The UT concludes that the hire of a room licenced for civil marriage ceremonies is not exempt.
This case concerns wedding packages provided. The hotel has an approved room under the Marriages and Civil Partnerships (Approved Premises) Regulations 2005. Where the room was hired, the taxpayer treated this as a separate exempt supply of a right over land. HMRC considered that there was a single standard rated supply. The earlier First-tier Tribunal (FTT) considered that the supply of the room was a separate supply. However, it concluded that this was not an exempt supply of a right over land, placing emphasis on the regulations, which precludes exclusive occupation by the customer on the basis the public has to be granted admittance to any area licenced for civil ceremonies. The taxpayer appealed. HMRC did not appeal against the FTT’s conclusion that the hire of the room was a separate supply. The Upper Tribunal (UT) agreed with FTT’s conclusion, although for different reasons, that the supply was not exempt.
In reaching its decision the UT focused on two points:
Right to occupy the room as owner and exclude any other person
The UT noted that in Temco (C-284/03), the Court of Justice of the European Union (CJEU) specifically states that the right to exclusive occupation. Therefore, a letting may include parts which are used in common with others. The UT observed that the ‘right to exclusive occupation’ does not mean that the test is simply whether the tenant can insist on being the sole occupant. In the current case, under the Regulations, the public’s right of access is restricted to the proceedings. The UT concluded that just because the customer could not assert exclusivity this does not prevent there being the necessary quality of exclusivity. The UT disagreed with FTT on this point but noted this does not resolve the issue in the taxpayer’s favour.
Did the taxpayer add any significant value to the hire of the space?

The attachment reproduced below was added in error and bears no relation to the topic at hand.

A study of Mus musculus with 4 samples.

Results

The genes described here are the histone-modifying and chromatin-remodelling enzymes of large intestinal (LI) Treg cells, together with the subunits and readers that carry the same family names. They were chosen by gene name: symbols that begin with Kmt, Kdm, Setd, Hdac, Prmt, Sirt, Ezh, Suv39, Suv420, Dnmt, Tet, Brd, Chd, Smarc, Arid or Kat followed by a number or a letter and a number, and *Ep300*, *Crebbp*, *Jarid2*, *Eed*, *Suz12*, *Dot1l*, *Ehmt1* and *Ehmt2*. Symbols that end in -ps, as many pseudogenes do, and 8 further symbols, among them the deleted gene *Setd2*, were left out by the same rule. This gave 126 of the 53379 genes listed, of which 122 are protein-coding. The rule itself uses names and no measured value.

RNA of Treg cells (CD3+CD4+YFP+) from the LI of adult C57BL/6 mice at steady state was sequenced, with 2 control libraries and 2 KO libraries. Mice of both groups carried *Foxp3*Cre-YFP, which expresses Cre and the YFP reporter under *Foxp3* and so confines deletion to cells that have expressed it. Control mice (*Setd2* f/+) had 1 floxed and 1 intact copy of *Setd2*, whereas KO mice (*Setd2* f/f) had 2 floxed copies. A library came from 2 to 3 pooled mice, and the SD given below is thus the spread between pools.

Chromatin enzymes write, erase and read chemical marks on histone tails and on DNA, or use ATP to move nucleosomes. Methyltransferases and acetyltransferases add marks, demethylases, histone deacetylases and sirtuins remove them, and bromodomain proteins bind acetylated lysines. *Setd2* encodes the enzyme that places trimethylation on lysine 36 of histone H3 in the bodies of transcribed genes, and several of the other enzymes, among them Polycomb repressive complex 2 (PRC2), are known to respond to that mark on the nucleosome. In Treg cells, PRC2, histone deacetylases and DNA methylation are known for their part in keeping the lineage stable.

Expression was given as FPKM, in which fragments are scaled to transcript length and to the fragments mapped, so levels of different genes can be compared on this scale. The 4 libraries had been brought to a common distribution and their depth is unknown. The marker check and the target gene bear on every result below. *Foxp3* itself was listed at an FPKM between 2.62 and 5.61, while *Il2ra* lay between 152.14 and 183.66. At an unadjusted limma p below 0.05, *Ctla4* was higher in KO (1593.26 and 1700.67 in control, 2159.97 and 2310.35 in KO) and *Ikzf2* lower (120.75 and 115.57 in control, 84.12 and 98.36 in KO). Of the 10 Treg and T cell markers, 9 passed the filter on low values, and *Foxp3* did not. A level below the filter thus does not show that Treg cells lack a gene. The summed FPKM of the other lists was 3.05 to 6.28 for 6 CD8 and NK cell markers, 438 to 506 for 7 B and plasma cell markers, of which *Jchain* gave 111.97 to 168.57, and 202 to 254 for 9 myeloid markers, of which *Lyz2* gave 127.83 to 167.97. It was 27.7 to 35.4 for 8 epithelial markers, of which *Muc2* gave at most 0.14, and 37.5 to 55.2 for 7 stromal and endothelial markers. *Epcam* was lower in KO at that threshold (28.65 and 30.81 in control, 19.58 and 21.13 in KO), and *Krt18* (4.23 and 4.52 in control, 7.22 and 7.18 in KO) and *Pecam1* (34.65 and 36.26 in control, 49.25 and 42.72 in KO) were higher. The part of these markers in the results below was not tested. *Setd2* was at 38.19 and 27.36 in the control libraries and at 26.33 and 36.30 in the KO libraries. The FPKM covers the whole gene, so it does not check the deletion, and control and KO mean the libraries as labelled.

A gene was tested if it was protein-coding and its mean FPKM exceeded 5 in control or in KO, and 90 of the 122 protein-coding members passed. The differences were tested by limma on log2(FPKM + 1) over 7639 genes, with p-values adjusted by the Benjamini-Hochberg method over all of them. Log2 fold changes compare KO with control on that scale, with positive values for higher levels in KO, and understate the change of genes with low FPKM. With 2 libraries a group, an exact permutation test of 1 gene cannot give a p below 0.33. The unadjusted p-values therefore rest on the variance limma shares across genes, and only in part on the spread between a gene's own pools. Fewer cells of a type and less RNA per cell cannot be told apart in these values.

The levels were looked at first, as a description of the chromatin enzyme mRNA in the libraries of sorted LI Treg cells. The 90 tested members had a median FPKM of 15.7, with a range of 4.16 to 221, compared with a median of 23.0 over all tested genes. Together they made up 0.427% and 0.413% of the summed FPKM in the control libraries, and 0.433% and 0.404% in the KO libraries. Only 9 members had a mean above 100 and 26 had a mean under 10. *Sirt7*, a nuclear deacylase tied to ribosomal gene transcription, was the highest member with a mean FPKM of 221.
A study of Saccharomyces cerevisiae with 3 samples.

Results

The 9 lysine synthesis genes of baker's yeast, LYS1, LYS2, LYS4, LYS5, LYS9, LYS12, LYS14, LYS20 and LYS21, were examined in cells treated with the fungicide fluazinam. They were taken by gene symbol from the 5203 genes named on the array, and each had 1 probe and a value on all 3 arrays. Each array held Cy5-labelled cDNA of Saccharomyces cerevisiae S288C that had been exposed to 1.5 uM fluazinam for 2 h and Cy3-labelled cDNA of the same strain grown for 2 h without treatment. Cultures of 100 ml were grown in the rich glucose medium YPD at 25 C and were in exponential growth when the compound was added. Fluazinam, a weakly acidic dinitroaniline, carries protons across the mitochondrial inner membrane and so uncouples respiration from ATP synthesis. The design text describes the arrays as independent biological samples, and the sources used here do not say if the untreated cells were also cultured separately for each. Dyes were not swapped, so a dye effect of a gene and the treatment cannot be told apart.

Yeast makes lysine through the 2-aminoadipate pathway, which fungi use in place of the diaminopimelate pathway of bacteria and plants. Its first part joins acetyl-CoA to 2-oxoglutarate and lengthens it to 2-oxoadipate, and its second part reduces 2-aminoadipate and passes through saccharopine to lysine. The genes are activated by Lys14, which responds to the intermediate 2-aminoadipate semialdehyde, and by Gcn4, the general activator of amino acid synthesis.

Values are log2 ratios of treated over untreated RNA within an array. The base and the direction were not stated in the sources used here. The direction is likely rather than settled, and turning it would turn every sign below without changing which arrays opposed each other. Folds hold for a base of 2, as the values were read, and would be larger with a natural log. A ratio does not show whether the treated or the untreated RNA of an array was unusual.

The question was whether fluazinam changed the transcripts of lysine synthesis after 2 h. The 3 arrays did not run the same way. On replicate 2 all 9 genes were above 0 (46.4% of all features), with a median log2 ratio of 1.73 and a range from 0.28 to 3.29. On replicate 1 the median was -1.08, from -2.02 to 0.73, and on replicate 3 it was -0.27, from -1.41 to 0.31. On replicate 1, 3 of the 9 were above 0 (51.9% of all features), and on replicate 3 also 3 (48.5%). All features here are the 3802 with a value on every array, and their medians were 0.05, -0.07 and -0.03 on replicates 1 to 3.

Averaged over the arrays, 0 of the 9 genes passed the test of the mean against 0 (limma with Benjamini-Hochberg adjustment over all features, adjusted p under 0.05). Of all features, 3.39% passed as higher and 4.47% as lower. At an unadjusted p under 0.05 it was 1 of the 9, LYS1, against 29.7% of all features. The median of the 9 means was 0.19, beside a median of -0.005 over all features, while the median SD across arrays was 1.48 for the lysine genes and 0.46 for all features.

The taxpayer argued that the FTT, having held that there was a separate supply of the room, should have disregarded the other supplies by taxpayer when determining the nature of the supply of the room i.e. the FTT wrongly linked the supply of the room with the supply of other wedding package services. The UT noted that the CJEU has have made it clear that a supply cannot be characterised as an exempt leasing or letting of immovable property if the landlord does more than simply make property available.
Whilst agreeing with the conclusion, the UT disagreed with the earlier FTT’s reasoning. The UT was not of the view that the customer was buying a right of participation in a wider event. The UT’s view was that when the supplier was providing a room, approved under the regulations, the room had to be ‘a seemly and dignified venue’ for such proceedings. The taxpayer had to meet the obligations imposed on it, such as making a responsible person available and supervising the use of the room. That was a more complicated service than simply passively making the property available and by its active exploitation of the room the taxpayer added significant value. The UT added that the customer paid for more than just use of the room and its contents (desk, chairs etc.). The UT therefore concluded that the hire of the room did not fall within the scope of the exemption and the taxpayer’s appeal was dismissed.